Chinese president, Xi Jinping, visited Rome on Friday 22nd March to sign various agreements with Italy’s government as part of the New Silk Road project (also known as the Belt and Road Initiative, or BRI). The deal with Italy finally gives this huge continental investment programme the legitimacy it was lacking. Mr Salvini’s government has taken a historic decision by making Italy the first G7 country to consider borrowing from China’s bond market.
Italy now the Eurasian outsider on Europe’s geo-economic map
The Bank of China and Cassa Depositi e Prestiti (CDP, Italy’s state lender) signed a draft agreement allowing the latter to launch a programme of Panda bonds, which enable Chinese investors to buy foreign debt. These Panda bonds will help to co-finance Italian companies that invest in China. The CDP announced that it would issue bonds worth 5 billion renminbi ($744.5 million). Opening up China’s bond market, which is estimated to be worth $12,000 billion, is a central part of Beijing’s strategy to put its currency on the international stage.
Rome now officially supports China’s Belt and Road Initiative and, therefore, the Eurasian pivot that could drive global trade in the future. China also needs new overseas outlets for its economy, so it could opt to make Italy its springboard into Europe.
The memorandum of understanding signed by the two countries includes plans for closer economic cooperation in such sectors as gas, the metal industry, construction, electronics, financial products, energy and tourism, but also for Chinese investment in the ports of Trieste and Genoa, which are seen as becoming China’s future European maritime hubs.
European Union and United States concerned about closer Chinese-Italian links
On 12th March the European Commission described China as a “systemic rival” to the EU, so Rome’s economic choices are also seen as having a geopolitical slant. Washington went so far as to label the BRI “China’s infrastructure vanity project”. Meanwhile, Europe’s spokesperson for foreign affairs, Maja Kocijancic, called for “full unity” among EU member states with regard to China.
Similarly, the US National Security Council opposed the deal when it was announced that one was to be signed: Garrett Marquis, a White House spokesperson, explicitly asked Rome not to lend legitimacy to the BRI, saying that this would end up “harming Italy’s global reputation in the long run”.
Luigi di Maio, the Minister of Economic Development in Salvini’s government, responded to these warnings in an interview filmed for the France 2 channel during which he felt the need to issue a reminder that Italy remained a US ally, a member of the EU and a member of NATO.
Who is Michele Geraci, the Economic Development Ministry’s ‘Mister China’?
As undersecretary in the Economic Development Ministry, Michele Geraci firmly defends the Italian government’s new approach to China and is one of the architects of the draft agreement.
He is the head of a ‘China task force’ in the ministry and runs a news blog where he expresses very clear views in favour of closer ties with Beijing as a means of reviving Italy’s economy. He had, for instance, hinted that China could participate in rescuing the country’s biggest airline, Alitalia, which was placed under extraordinary administration in 2017.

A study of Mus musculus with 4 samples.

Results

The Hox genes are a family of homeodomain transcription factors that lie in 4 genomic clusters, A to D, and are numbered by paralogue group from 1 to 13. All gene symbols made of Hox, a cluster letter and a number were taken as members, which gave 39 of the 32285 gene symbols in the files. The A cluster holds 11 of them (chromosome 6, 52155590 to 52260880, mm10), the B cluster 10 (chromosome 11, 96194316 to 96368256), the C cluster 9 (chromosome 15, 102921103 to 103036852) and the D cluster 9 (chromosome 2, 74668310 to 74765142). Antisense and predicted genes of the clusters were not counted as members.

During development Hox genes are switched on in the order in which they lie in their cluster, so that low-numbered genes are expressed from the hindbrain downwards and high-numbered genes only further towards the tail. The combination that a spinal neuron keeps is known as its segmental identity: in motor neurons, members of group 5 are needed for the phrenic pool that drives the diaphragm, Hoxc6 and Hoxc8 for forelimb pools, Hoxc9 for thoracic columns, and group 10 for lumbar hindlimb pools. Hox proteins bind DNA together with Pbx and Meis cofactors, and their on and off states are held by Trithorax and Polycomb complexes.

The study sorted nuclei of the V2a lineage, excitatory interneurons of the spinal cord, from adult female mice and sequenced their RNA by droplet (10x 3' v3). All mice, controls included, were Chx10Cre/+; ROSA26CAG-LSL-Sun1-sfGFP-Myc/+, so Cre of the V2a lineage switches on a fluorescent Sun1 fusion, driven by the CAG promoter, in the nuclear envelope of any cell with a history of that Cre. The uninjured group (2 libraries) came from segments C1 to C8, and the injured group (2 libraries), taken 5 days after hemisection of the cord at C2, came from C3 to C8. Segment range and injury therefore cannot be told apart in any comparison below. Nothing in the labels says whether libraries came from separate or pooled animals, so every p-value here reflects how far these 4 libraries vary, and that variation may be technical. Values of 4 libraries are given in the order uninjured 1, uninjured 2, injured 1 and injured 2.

Michele Geraci’s involvement in the Chinese-Italian deals and role in Italy’s government are a cause for concern, particularly in the USA. He was an economist and professor of finance from 2008 to 2018 in China, having previously spent 17 years working in the telecommunications sector. He started off as a manager in the UK’s BT. He then became an investment banker, working for the UK’s Schroders and Pali International, and the USA’s Bank of America, Donaldson, Lufkin & Jenrette (DLJ) and Merrill Lynch, always as a telecom analyst. He appears regularly on Chinese and English-speaking media. So Mr Geraci has a great deal of financial expertise in the field of telecommunications, and he is very familiar with China’s economy and economic agents. He is also fully integrated into China’s academia and media.
Michele Geraci’s openly pro-China stance could undermine the USA, which is currently leading a major global offensive to prevent Huawei’s technology from breaking into the markets of its European allies. When questioned about this, Mr Geraci had said that the issue was not whether or not to agree to work with Huawei, but whether or not to give foreign telecom equipment manufacturers access to European networks. Views on this vary even within the government itself, with Matteo Salvini having said he is wary about deploying Chinese 5G technology in Italy.
In light of all the opposition from its allies, Italy has decided to postpone the signing of some twenty or so other agreements until later. But the country is keen to forge closer ties with China and place Italy on the New Silk Road map, and this could create further tension among Western countries at some point in the future.